Check Us Out On Amazon
One aspect of giving your dog glucosamine supplements is getting your dog to actually eat the glucosamine. Most glucosamine supplements come in forms that your dog may not be able to eat easily, such as in a pill or liquid form.
Getting dogs to take pills or liquid suspensions can be a hassle that can be stressful for both you and your dog; moreover, the struggle involved in getting some dogs to take these medications may aggravate a joint condition, causing your pet pain. Your dog may associate that pain with the medication you are trying to give him, making him even less likely to cooperate when it is time to give him his glucosamine supplement. There are a few different methods of giving your dog glucosamine supplements that will not cause undue stress to either of you.
Knowing your dog’s weight is the first step in assessing your dog’s glucosamine needs. The dosage of glucosamine you will be giving your dog depends on how much he weighs: a dose of glucosamine appropriate for a Jack Russell terrier would not be an effective dose for a larger breed such as a Saint Bernard, for instance.
Most glucosamine supplements will have a dosage guide on their packaging, but the general recommended dosage is about 750 milligrams of glucosamine per 50 pounds of body weight. Some supplement manufacturers make glucosamine supplements in treat form with calculated dosages for dogs smaller than 50 pounds. This type of treat can be given to any dog, but as with powdered supplements you must adjust the number of treats you give your dog to ensure you are giving him an appropriate amount of glucosamine.
Giving glucosamine supplements in pill form can be more difficult, since your dog might do anything he can to refuse the pill, perhaps going so far as to spit it out even if you think you have gotten him to swallow it. In addition, forcing a pill down the throat of your dog can cause your dog to vomit up the pill, which will waste a pill, leave a mess and require you to repeat the entire process of giving your dog the pill. Wrapping the pill in food, such as a slice of cheese or a spoonful of peanut butter, is a favorite technique of many dog owners when trying to get their dogs to take pills.
This is the method most likely to work when giving your dog glucosamine pills. However, your dog may eat the food but spit the pill out, or just eat around the pill, so if you use this method of giving your dog glucosamine pills, make sure your dog has eaten the pill as well as the food. If you must force feed your dog the pill, hold your dog’s head in place and push the pill to the back of the dog’s mouth. Hold your dog’s mouth closed to prevent him from spitting the pill out. If you need to encourage him to swallow, blowing on his nose or rubbing his throat will often help. As with the other methods of giving pills to dogs, make sure to check that he has swallowed the pill. Dogs can be tricky, particularly when they do not want to take a pill.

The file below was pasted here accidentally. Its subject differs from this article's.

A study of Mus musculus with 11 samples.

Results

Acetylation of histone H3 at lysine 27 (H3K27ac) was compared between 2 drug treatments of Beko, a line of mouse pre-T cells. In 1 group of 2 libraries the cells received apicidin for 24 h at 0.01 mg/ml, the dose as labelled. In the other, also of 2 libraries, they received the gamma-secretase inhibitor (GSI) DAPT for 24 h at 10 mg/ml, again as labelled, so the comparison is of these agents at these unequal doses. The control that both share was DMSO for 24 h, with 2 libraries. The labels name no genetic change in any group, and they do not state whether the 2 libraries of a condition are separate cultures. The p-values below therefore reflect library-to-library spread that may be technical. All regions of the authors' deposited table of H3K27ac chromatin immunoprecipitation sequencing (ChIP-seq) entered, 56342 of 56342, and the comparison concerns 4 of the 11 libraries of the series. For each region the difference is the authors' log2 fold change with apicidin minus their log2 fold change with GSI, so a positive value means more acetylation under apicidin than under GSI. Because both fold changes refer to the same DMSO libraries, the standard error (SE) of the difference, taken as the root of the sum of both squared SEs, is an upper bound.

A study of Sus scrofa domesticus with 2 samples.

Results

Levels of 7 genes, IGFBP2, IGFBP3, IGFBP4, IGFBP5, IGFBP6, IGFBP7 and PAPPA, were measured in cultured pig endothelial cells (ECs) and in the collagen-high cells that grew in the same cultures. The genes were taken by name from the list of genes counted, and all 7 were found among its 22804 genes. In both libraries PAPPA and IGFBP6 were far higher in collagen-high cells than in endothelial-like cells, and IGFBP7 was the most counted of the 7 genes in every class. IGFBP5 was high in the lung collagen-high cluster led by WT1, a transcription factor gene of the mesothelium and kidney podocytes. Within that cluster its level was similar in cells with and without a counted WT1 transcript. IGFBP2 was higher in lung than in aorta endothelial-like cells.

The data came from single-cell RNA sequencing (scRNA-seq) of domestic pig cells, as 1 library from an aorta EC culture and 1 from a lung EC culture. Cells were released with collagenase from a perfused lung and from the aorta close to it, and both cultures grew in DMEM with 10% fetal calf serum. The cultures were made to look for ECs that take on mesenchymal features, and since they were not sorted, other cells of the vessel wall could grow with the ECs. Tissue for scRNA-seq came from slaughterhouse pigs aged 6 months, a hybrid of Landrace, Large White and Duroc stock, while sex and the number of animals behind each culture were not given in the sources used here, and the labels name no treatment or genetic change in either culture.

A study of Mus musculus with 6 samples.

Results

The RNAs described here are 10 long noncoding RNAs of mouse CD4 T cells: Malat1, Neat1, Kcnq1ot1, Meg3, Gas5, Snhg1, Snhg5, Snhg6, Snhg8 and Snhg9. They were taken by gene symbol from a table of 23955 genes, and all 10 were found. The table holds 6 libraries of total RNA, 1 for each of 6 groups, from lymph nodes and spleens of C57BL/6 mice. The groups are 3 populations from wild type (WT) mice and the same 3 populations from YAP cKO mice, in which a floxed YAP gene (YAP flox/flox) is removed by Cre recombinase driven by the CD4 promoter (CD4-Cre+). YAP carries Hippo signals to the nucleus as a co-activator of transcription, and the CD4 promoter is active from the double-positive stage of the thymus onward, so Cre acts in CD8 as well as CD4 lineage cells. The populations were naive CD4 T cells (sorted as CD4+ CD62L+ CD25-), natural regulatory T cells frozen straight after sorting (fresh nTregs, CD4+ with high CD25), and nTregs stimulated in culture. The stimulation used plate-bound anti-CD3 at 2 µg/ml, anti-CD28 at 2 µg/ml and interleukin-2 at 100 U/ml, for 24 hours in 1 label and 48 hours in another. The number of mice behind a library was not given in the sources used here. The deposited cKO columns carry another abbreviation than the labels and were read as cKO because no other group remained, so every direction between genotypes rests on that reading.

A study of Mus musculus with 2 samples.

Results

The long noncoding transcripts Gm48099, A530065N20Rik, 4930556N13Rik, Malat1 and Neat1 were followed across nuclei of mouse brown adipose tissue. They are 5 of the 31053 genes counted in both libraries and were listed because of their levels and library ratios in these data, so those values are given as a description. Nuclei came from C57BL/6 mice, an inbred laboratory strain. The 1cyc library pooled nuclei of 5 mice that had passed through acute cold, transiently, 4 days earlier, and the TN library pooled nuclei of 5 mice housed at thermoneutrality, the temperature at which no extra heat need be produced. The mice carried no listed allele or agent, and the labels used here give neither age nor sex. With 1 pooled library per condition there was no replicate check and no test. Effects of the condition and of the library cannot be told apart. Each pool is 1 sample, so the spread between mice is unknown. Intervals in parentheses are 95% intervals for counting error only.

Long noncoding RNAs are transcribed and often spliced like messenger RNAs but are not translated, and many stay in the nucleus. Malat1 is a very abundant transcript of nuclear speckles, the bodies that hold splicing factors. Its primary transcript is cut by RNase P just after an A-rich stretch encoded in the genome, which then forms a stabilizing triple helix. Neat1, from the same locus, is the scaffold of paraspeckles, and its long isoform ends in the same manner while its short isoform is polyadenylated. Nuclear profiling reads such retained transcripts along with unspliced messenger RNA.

If pills are too difficult to give to your dog, there are some other products that contain glucosamine. Glucosamine supplement treats are one of the easiest ways to give your dog his daily glucosamine supplement. These treats are usually meaty and palatable to dogs, and dogs typically need no encouragement to take them. These types of supplements are usually best for smaller dogs, since small breeds usually only require one to two of these treats per day. Although it is acceptable to give these treats to large dogs as well, a larger dog may need as many as four or five of these treats each day to get his required dosage of glucosamine. This can quickly become too costly for the average dog owner to afford.
Other flavored glucosamine products are available if your dog would need too many glucosamine treats to be economically sustainable. Glucosamine is sold in liquid supplement form that you can sprinkle over your dog’s food. Liquid supplements are often meat-flavored, which dogs typically love and will eat readily. Glucosamine gravy is another form of liquid supplement which has an even richer meaty flavor. These types of supplements can be quite expensive, particularly for larger dogs. If your dog has a lighter appetite or does not always eat all of his food, it may be better to use a different method of giving your dog glucosamine supplements.
Glucosamine powder supplements are often the cheapest supplements per unit. People usually sprinkle the powder over their dog’s food. However, your dog may refuse to eat the food because of the change in texture or flavor. You may want to try a variation of the peanut butter method of giving dogs pills by mixing the powder with an amount of peanut butter that will mask the flavor of the powder.
This may not work if your dog is especially alert to your attempts to give him his glucosamine supplements. You can also mix the glucosamine powder into a slurry using some water or broth and give the glucosamine to your dog with an oral syringe. This may be as difficult as giving a pill if your dog is a larger dog, since it can be difficult to hold larger dogs still long enough to give them the mixture. Powder supplements may be worth the effort of giving them to your dog because of the decreased cost.
The variety of glucosamine supplements available means that there is sure to be one method of administering the supplements that works for you and your dog. Since each type of supplement has its advantages and disadvantages, you may find it is most helpful to research your options to determine which supplements to purchase before you make your final decision.